Being breathless can be very frightening, but being breathless does not necessarily mean you need to call an ambulance.
Deciding whether you should call an ambulance
There are some very obvious things that members of the public should call 999 for, such as:
- Major Trauma
- Cardiac Arrest
- Heart Attack
- Breathing problems
The system is set up to deal with a variety of people including those who are normally fit and well - for these people being breathless (when not exercising) is usually a sign that something isn’t right, and so this triggers an automatic emergency response within the triage system.
For many people living with long term respiratory conditions, being breathless is a regular if not daily occurrence’ so knowing when to call 999 can be difficult.
Before we get to that, prevention is always better than cure!
Maintain a healthy weight, exercise within your limits, and attend pulmonary rehabilitation sessions, singing groups, peer support groups, and anything that will help you have the best lived experience. Its best you do these as early as possible, often before you feel like you need to; like any kind of exercise, it makes you fitter and better able to cope later when things get a bit tougher. Mental health, mindfulness and relaxation are so important, because anxiety can make you feel breathless too.
Ultimately you should speak with your GP or respiratory nurse team to make sure you have a tailored plan for breathlessness before you need to call for help.
This might include a written plan (ACP), and include other things like support with good inhaler technique, pre-prescribed rescue medications, and a plan specific to you, as to when, who , and how to call for help. Many areas will use a traffic light system to help guide you.
Timely intervention is far better than holding out too long. A classic thing the ambulance crews hear is “I’ve had a slightly worsening cough, darker sputum, and increased breathlessness for a couple of days but I didn’t want to bother my doctor. Then tonight it suddenly got a lot worse, and I didn’t know who to call”.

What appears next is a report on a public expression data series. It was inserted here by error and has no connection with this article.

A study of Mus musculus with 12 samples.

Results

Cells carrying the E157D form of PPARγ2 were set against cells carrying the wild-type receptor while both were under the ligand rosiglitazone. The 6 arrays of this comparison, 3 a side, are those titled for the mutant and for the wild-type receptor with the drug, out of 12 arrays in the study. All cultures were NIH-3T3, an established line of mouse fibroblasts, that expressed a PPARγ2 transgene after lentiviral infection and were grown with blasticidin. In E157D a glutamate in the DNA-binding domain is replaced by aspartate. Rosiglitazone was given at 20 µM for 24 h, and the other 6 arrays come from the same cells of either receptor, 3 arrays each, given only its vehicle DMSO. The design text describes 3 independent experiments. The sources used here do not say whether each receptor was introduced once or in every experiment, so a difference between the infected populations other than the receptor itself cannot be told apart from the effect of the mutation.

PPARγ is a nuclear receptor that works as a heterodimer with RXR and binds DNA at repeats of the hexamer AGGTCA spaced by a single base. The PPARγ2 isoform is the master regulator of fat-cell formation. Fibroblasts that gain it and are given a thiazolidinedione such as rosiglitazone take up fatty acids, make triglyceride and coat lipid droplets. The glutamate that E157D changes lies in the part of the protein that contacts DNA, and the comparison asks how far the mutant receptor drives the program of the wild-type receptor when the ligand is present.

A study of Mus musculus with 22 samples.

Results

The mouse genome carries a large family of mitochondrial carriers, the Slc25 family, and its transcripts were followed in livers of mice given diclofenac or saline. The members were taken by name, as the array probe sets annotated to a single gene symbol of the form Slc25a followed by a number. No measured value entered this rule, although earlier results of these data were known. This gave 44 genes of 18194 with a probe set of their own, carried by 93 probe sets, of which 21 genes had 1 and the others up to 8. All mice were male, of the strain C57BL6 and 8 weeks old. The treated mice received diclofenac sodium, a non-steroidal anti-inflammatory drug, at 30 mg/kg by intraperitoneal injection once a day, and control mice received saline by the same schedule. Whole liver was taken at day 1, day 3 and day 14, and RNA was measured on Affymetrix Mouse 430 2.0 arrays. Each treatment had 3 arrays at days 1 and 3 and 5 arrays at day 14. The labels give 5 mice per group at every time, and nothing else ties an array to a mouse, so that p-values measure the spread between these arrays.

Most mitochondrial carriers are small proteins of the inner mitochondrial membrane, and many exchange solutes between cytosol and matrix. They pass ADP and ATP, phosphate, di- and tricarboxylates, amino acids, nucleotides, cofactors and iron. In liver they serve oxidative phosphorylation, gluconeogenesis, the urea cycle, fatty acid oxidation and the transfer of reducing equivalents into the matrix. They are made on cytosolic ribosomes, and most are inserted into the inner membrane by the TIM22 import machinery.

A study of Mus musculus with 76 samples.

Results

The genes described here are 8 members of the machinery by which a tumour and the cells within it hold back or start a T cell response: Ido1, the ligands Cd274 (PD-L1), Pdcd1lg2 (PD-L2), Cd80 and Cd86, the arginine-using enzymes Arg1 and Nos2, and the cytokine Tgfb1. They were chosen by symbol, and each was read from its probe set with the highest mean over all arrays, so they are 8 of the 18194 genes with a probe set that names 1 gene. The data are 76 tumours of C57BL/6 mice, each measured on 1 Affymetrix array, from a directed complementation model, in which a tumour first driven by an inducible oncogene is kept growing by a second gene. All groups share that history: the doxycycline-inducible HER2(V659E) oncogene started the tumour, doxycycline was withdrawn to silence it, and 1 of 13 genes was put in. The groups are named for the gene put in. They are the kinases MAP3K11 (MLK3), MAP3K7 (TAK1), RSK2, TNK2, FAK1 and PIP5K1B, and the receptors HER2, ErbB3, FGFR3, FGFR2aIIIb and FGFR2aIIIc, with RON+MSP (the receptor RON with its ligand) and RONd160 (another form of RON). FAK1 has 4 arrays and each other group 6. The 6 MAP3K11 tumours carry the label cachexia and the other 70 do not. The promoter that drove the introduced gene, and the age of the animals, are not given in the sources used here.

Contacting your GP or respiratory nurse team early can prevent the need for an ambulance in the middle of the night, and this is better for everyone. It protects the ambulance service so that they can be there when you really need them, and you are far more likely to get an alternative care plan within working hours because there are often far more services and options available to clinicians.
So, when to dial 999
Remember that you can call your GP, phone 111 for advice, contact your respiratory team if you are on a remote monitoring program, talk with third sector like the Chest Heart and Stroke Scotland clinical line or peer group support.
You should save 999 for emergencies - but never hesitate to call when you need to. If you’ve gone through your plan, tried the techniques you’ve been shown, and still dont feel right, or if you become very suddenly ill, the Scottish Ambulance Service will be there for you at anytime day or night. Be particularly aware of things like extreme shortness of breath or difficulty in breathing, chest pain, exhaustion, collapse or anything that is beyond what you are used to dealing with – you are the expert on your own body and your own condition and we will listen to that. So:
- 999 for Emergencies, but
- Your own GP within working hours, or
- 111 for advice and to schedule an appointment out of hours
What to expect when you call an ambulance
Your call will be taken by an experienced call handler, and based on what you say over the phone, they will triage you and allocate the priority of the response to your call.
Occasionally a Scottish Ambulance Service Clinical Adviser, Advanced Paramedic Practitioner or specialist General Practitioner will call you back for a further consultation and they can sometimes update the triage to a faster response, or help you remotely with self care. They can advise, sign post or schedule appointments and this may get you the right care whilst avoiding the need for an ambulance to attend.
Once an ambulance is with you they will assess you and then discuss care options with you.
Historically ambulance services had very few options, we either decided you were well and discharged you at home, or took you to A&E.
Increasingly SAS clinicians will use BRAN principles (Benefits, Risks, Alternatives, and what is likely to happen if we do Nothing) to guide a person-centred care plan that considers your wishes and the clinical need.
In many areas we have access to hospital at home service, community respiratory nurses, same day emergency care units and direct access to wards, all of which may help our clinicians on the ambulance to get you to the right care and avoid long waits in Accident and Emergency.
All that said, if you are critically unwell, Accident and Emergency may still be the best place for you and so you should listen to the ambulance crews if this is their recommendation.